I have been looking for a new car, so I have been paying close attention to the automobile ads in a certain statewide New Hampshire newspaper. (And with our annual new car and truck review coming out next Sunday, I know what I will be doing come Sunday afternoon.)
Middle grandson Mike might be related to Henry Ford. I asked Mike what color car I should get. Mike said, "black."
Mike is a black-and-white kind of kid, given to solid, simple replies to questions. "No," being his favorite answer. "Yes" ranks a distant second.
Mike probably wouldn't be a car salesman. My car search has reminded me of the persistence of the car salesman, a hearty breed genetically wired never to take "no" for an answer. (Or, as a Realtor friend likes to remind me, a "No" is a definite "maybe.")
I don't mind persistence. But I was a bit irked the other day when a sales guy, having taken down copious information about my needs and my current conveyance, sat down next to me, leaned in, and said, "So, Mr. McQuaid, tell me about your car."
He sounded like a CIA guy trying to get the wonderful James Spader to spill the beans on the new "Blacklist" show on NBC.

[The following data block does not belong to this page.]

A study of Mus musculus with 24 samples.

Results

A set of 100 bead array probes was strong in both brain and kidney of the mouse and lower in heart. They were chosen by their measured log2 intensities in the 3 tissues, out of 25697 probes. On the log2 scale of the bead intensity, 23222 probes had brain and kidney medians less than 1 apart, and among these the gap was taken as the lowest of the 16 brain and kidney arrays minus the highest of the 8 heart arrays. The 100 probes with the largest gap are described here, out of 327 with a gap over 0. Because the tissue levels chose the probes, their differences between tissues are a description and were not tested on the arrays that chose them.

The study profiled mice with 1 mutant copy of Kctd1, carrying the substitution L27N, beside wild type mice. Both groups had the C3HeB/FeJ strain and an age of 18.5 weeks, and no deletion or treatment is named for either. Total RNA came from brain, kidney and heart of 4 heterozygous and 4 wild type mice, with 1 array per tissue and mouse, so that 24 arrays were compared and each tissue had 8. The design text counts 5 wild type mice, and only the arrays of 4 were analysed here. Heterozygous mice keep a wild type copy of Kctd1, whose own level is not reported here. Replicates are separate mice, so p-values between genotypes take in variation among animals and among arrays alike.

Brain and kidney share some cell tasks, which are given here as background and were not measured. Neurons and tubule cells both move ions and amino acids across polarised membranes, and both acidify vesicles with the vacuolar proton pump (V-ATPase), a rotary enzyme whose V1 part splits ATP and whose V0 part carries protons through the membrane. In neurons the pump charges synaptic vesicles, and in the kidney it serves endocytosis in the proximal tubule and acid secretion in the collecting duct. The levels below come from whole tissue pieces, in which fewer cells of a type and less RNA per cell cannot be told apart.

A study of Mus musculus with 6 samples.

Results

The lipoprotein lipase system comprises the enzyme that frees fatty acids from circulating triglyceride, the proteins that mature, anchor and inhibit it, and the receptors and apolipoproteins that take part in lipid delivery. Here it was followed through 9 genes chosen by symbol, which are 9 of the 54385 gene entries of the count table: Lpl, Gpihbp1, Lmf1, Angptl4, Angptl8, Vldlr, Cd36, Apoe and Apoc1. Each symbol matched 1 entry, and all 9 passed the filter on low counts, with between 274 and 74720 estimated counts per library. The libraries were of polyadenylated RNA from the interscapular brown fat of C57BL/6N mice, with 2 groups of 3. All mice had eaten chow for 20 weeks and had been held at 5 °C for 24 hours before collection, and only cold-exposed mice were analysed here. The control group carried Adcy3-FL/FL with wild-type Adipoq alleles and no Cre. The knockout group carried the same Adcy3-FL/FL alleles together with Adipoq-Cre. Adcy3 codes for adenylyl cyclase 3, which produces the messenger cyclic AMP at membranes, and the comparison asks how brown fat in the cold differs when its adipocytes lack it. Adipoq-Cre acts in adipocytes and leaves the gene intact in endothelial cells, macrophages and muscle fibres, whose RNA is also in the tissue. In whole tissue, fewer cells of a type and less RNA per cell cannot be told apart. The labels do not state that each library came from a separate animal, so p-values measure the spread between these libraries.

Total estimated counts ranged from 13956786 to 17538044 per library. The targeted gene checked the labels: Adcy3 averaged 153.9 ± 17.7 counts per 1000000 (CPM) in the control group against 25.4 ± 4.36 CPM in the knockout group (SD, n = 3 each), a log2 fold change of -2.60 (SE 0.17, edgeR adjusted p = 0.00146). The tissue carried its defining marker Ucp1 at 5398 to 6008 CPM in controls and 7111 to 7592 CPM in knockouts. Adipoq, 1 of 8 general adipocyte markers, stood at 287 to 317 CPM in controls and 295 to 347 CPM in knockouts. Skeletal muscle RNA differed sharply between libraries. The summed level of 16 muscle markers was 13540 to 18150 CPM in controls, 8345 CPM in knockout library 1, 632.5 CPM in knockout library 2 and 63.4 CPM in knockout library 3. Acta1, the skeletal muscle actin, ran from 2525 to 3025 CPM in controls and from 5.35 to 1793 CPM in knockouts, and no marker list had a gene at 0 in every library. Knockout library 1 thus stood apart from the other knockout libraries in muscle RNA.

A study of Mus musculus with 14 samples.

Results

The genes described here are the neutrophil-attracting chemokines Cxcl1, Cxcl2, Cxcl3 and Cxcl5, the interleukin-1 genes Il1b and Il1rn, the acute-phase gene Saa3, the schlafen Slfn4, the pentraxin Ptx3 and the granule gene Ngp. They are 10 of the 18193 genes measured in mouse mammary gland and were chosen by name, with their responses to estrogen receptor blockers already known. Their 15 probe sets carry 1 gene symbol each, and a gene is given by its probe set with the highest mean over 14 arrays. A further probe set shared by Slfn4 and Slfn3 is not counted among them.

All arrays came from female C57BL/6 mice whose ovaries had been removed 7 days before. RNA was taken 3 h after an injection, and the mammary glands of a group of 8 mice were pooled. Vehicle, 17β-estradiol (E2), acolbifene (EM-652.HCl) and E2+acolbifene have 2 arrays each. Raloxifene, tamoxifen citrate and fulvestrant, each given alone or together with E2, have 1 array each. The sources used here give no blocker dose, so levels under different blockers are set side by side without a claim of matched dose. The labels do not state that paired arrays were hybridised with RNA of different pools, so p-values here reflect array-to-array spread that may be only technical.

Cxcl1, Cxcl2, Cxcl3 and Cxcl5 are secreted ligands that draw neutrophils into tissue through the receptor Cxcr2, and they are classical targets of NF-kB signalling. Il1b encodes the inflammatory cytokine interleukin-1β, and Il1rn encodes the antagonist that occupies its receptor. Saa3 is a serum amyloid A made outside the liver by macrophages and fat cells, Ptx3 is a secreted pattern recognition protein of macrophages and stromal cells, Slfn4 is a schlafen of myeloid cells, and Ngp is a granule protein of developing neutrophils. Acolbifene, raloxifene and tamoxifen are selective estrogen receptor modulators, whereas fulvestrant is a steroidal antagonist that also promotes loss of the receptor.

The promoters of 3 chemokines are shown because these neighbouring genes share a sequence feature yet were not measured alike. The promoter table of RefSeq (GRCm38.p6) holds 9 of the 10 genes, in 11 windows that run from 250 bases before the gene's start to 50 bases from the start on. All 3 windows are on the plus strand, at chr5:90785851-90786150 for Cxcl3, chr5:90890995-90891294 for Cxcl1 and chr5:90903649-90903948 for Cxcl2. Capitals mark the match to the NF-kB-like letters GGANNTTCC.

It seemed an odd request, because I had already told him about my car, which I bought new, have had for 10 years, and which has low mileage and a pleasant attitude.
Which is what I repeated to the man, looking to see if his next move was to hook me to a lie detector or a waterboard.
He paused and then, looking like Perry Mason before a jury, pounced.
"What about it being totally demolished?" he asked.
"What? Who? Me? My car?"
"Yes!" he said. "According to our records, your car was totaled in December of 2007."
Now, I will admit I am getting a bit hazy with my recollections on certain matters, like golf scores or what I had for lunch, or whether I spoke last week to the Turks, the Hooksett Kiwanis, or the Ancient Order of Hibernians. (In fact, it was all three.)
But I am pretty sure I would remember demolishing my beautiful little five-speed, manual shift Lexus with the sports suspension and the Bob Dylan disc in the CD player.
But there it was, duly noted by something called "Carfax," which apparently has access to more information on car data than Edward Snowden took from the NSA.
Carfax, clearly, gets things wrong.
Much to my relief, I have been told that the whole thing can be resolved and corrected. All I need is to get the U.S. House, Senate, and the President to agree to it. Piece of cake.
Write to Joe McQuaid at email@example.com or via Twitter at @deucecrew.